Atrial flutter can make you feel like your heart is fluttering or beating much faster than the average rate of 60-100 beats per minute.
Without treatment, atrial flutter can eventually cause several serious health problems. Fortunately, it often responds well to medication or an outpatient procedure called catheter ablation.
The highly respected team at New York City’s Premier Cardiology Consultants explains atrial flutter's underlying cause and why you shouldn’t ignore it.
What is atrial flutter?
Your heart has four chambers – the left and right atria (upper chambers) and the ventricles (left and right lower chambers). A small bundle of specialized cells in the right atrium called the SA (sinoatrial) node sets your heart rate and rhythm.
At the start of every heartbeat, an electrical impulse created in the SA node spreads through the walls of the atria and causes them to contract. This forces blood into the ventricles, which, guided by another series of electrical impulses, pump blood out of the heart into the lungs and the rest of your body.
The SA node then fires again, and the cycle repeats (ideally about once every second at rest) to create a two-stroke heartbeat described as a “regular rate and rhythm” of about 60-100 beats a minute.
Caused by an electrical short circuit in the SA node, atrial flutter can generate as many as 240-340 atrial contractions per minute.
Health complications related to atrial flutter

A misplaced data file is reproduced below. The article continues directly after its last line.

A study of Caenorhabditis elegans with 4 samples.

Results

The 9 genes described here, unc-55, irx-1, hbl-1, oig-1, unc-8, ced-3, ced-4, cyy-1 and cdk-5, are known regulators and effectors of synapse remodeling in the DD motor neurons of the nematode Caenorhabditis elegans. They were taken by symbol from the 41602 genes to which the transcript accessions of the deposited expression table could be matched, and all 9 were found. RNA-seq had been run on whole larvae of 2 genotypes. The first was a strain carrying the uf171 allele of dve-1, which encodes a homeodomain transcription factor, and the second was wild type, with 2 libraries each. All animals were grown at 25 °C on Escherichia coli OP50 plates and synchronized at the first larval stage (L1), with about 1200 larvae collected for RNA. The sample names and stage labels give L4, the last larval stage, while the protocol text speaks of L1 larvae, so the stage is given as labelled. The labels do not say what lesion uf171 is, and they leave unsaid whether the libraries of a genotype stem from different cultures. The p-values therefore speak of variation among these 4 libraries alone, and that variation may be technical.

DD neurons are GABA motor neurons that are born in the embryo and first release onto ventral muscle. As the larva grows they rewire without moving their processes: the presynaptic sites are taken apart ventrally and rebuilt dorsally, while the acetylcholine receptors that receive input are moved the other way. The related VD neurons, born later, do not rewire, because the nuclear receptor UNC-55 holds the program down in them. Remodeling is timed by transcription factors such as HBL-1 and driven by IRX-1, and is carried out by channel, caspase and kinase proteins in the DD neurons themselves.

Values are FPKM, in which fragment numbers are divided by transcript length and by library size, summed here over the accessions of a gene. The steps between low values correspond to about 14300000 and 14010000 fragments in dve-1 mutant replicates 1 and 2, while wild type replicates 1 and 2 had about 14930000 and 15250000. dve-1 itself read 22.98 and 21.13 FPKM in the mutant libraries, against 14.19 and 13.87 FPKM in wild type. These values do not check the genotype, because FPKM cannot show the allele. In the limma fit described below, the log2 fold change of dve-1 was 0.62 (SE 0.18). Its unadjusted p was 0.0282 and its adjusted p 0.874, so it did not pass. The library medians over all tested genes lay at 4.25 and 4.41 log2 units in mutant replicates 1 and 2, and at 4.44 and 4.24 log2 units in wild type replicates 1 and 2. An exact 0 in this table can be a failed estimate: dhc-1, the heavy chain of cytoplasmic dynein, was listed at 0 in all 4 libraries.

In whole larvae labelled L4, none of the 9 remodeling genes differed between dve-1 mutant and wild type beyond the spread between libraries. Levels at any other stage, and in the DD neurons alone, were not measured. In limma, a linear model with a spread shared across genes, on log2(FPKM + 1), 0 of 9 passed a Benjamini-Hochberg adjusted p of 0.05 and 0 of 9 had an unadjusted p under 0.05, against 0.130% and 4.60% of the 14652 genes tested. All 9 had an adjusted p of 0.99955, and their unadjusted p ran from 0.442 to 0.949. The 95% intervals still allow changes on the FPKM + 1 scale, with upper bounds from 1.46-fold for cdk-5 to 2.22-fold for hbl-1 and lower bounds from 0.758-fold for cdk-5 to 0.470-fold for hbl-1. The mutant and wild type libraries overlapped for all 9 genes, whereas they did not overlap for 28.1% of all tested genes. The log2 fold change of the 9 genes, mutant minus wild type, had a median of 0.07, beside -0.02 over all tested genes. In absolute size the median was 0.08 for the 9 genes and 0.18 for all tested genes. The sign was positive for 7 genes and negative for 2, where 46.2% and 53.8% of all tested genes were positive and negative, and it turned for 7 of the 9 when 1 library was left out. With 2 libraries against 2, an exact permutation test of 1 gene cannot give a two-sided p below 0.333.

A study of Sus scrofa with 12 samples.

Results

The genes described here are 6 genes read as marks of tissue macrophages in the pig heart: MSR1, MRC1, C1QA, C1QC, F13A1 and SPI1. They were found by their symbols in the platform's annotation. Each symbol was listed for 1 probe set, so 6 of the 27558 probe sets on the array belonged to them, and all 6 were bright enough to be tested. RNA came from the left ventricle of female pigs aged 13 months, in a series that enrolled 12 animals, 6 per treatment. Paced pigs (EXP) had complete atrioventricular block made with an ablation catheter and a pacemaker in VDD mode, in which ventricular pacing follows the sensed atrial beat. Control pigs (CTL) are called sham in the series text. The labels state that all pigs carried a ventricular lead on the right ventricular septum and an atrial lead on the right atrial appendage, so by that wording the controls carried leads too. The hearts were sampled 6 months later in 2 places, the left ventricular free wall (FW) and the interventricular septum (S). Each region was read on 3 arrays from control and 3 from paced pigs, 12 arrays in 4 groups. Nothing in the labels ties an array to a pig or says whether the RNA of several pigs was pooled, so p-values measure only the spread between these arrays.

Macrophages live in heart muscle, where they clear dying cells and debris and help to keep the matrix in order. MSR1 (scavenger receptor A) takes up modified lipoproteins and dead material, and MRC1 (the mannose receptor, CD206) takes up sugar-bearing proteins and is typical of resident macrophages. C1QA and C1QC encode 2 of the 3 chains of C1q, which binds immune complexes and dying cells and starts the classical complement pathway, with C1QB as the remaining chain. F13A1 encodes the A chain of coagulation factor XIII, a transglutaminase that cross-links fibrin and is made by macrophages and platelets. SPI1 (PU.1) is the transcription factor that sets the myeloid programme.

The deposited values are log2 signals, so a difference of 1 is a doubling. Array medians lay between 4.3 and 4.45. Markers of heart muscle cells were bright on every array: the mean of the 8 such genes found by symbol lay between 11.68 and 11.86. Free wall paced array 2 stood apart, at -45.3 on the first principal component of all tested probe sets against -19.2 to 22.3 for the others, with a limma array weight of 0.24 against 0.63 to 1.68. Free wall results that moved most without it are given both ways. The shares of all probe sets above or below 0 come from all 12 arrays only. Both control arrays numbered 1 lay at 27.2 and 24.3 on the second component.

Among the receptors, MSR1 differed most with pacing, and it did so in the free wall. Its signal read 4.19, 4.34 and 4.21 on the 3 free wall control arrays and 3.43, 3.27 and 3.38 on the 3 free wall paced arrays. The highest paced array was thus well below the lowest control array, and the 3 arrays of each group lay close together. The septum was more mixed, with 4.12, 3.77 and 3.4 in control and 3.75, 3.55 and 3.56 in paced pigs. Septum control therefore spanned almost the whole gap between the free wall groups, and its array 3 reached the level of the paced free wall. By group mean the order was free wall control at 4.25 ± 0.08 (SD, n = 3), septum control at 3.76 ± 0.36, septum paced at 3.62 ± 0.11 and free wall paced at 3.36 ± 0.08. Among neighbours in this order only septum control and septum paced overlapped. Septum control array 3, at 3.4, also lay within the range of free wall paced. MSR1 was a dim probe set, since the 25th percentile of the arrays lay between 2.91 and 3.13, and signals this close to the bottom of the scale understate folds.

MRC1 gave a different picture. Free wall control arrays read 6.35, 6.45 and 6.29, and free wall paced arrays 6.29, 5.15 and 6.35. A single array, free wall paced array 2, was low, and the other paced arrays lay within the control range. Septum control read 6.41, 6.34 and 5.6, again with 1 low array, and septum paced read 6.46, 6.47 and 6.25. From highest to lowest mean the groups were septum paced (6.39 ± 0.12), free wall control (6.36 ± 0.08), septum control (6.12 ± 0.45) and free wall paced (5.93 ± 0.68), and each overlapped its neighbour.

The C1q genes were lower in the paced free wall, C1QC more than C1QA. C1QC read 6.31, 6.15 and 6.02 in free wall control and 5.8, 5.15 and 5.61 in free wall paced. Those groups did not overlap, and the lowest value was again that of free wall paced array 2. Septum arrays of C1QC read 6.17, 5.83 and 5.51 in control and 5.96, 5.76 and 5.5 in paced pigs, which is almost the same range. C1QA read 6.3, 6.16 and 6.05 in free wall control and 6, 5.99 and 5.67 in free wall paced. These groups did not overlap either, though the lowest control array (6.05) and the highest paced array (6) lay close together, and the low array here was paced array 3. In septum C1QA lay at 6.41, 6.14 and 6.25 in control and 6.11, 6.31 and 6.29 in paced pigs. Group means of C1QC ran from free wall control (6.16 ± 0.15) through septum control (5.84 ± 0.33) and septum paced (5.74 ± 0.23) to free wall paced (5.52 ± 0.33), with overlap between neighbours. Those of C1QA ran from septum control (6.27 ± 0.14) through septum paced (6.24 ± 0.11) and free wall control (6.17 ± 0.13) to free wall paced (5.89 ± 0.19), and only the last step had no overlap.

Not to be confused with atrial fibrillation, which occurs when your heart beats in a disorganized fashion; atrial flutter causes your heart to beat regularly but so rapidly that the ventricles cannot keep up, causing blood to pool in the atria.
Atrial flutter is sometimes asymptomatic other than a noticeably fast heartbeat when checking your pulse or blood pressure. Otherwise, symptoms can include:
- Extreme tiredness/fatigue
- Shortness of breath
Blood pooling in the atria increases your risk of clot formation and stroke. Over time, persistent atrial flutter can also cause the muscular walls of your heart to weaken, stiffen, or enlarge, which is known as cardiomyopathy.
Heart failure, another potential complication of atrial flutter, occurs when one or both ventricles have weakened enough that they no longer supply adequate blood flow to the rest of your body.
How do you treat atrial flutter?
Atrial flutter may respond well to oral medications that help slow and regulate your heart rate and rhythm.
Depending on your symptoms and the underlying cause of atrial flutter, your Premier Cardiology specialist may recommend catheter ablation. During this outpatient procedure, often performed along with an electrophysiology study, your provider essentially destroys (ablates) the misfiring electrical pathways.
Heart failure, coronary artery disease, and other underlying conditions may also require treatment.
Schedule an evaluation at New York City’s Premier Cardiology Consultants for outstanding cardiac care that may include treatment for atrial flutter. Call the office closest to you or request an appointment online.